Blackthorn blossom, seen on our walk in the Fens this afternoon.
Quote of the Day
”I myself have accomplished nothing of excellence except a remarkable, and to my friends, unaccountable expertise in hitting empty ginger ale bottles with small rocks at a distance of thirty paces.”
- James Thurber (who a remarkable English teacher at school encouraged me to read)
Musical alternative to the morning’s radio news
Van Morrison | No More Lockdown
Long Read of the Day
What Data Can’t Do
Lovely New Yorker essay by Hannah Fry in which she reviews two books on data-driven decision-making, Counting: How We Use Numbers to Decide What Matters by Deborah Stone, the other, The Data Detective, by Tim Harford. Here’s a sample:
The particular mistake that Tony Blair and his policy mavens made is common enough to warrant its own adage: once a useful number becomes a measure of success, it ceases to be a useful number. This is known as Goodhart’s law, and it reminds us that the human world can move once you start to measure it. Deborah Stone writes about Soviet factories and farms that were given production quotas, on which jobs and livelihoods depended. Textile factories were required to produce quantities of fabric that were specified by length, and so looms were adjusted to make long, narrow strips. Uzbek cotton pickers, judged on the weight of their harvest, would soak their cotton in water to make it heavier. Similarly, when America’s first transcontinental railroad was built, in the eighteen-sixties, companies were paid per mile of track. So a section outside Omaha, Nebraska, was laid down in a wide arc, rather than a straight line, adding several unnecessary (yet profitable) miles to the rails. The trouble arises whenever we use numerical proxies for the thing we care about. Stone quotes the environmental economist James Gustave Speth: “We tend to get what we measure, so we should measure what we want.”
The problem isn’t easily resolved, though. The issues around Goodhart’s law have come to haunt artificial-intelligence design: just how do you communicate an objective to your algorithm when the only language you have in common is numbers? The computer scientist Robert Feldt once created an algorithm charged with landing a plane on an aircraft carrier. The objective was to bring a simulated plane to a gentle stop, thus registering as little force as possible on the body of the aircraft. Unfortunately, during the training, the algorithm spotted a loophole. If, instead of bringing the simulated plane down smoothly, it deliberately slammed the aircraft to a halt, the force would overwhelm the system and register as a perfect zero. Feldt realized that, in his virtual trial, the algorithm was repeatedly destroying plane after plane after plane, but earning top marks every time.
Enjoyable and instructive, like the books themselves.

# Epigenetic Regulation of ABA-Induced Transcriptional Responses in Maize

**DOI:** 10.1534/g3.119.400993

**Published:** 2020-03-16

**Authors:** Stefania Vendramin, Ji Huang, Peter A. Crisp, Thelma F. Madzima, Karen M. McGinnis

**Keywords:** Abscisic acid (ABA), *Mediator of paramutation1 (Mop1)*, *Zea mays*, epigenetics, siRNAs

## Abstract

Corruption as a way of life
Catherine Bennett has a sharp Observer column about Boris Johnson’s sleazy, reckless and ethically vacuous behaviour over many decades. It was bad enough when he was just a journalist, but in office it seems to have got markedly worse. And it leads one to wonder if the current Tory government is actually the most corrupt British administration for at least a century.
In 1994, Bennett recalls, Lord Nolan was tasked by the then Tory Prime Minister, John Major, with rescuing politics from Tory sleaze.
“We seek to restore respect for the ethical values inherent in the idea of public service,” Nolan wrote of the resulting Seven Principles: selflessness, integrity, objectivity, accountability, openness, honesty, leadership. Enforcement was another question. “Formal procedures have a role to play,” Nolan said, “but in the end it is individuals’ consciences that matter.” By the time George Osborne and David Cameron hastened to enrich themselves, this idea was already comical. We are now left with, on the one hand, Nolan’s faded sampler; on the other, Johnson’s expensively wallpapered, ever-expanding development of luxury Augean stables. In a nice touch, Bennett takes Nolan’s ‘principles’ and recasts them as ‘Johnson’s Principles’ to match what the government has actually been doing.
1: Greed (Replaces Nolan’s selflessness.) Holders of public office should take decisions solely in their own interest or that of their friends/families.
2. Shamelessness (Replaces integrity.) Holders of public office should accept gifts from generous individuals and organisations likely to expect favours in return.
3. Self-interest(Previously objectivity.) When making appointments, awarding contracts, etc, holders of public office should not allow merit to affect choices made exclusively to benefit themselves, their supporters, family or friends.
4. Unaccountability (Replaces accountability.) Holders of public office must not submit to scrutiny of their actions.
5. Concealment (Formerly openness.) Holders of public office have a duty to be as opaque as possible about their actions.
6. Fabrication (Replaces honesty.) Holders of public office are expected to lie freely about any private interests relating to their public duties.
7. Entitlement (Previously leadership.) Holders of public office should demonstrate by example their support for these principles, which apply to all aspects of self-enrichment.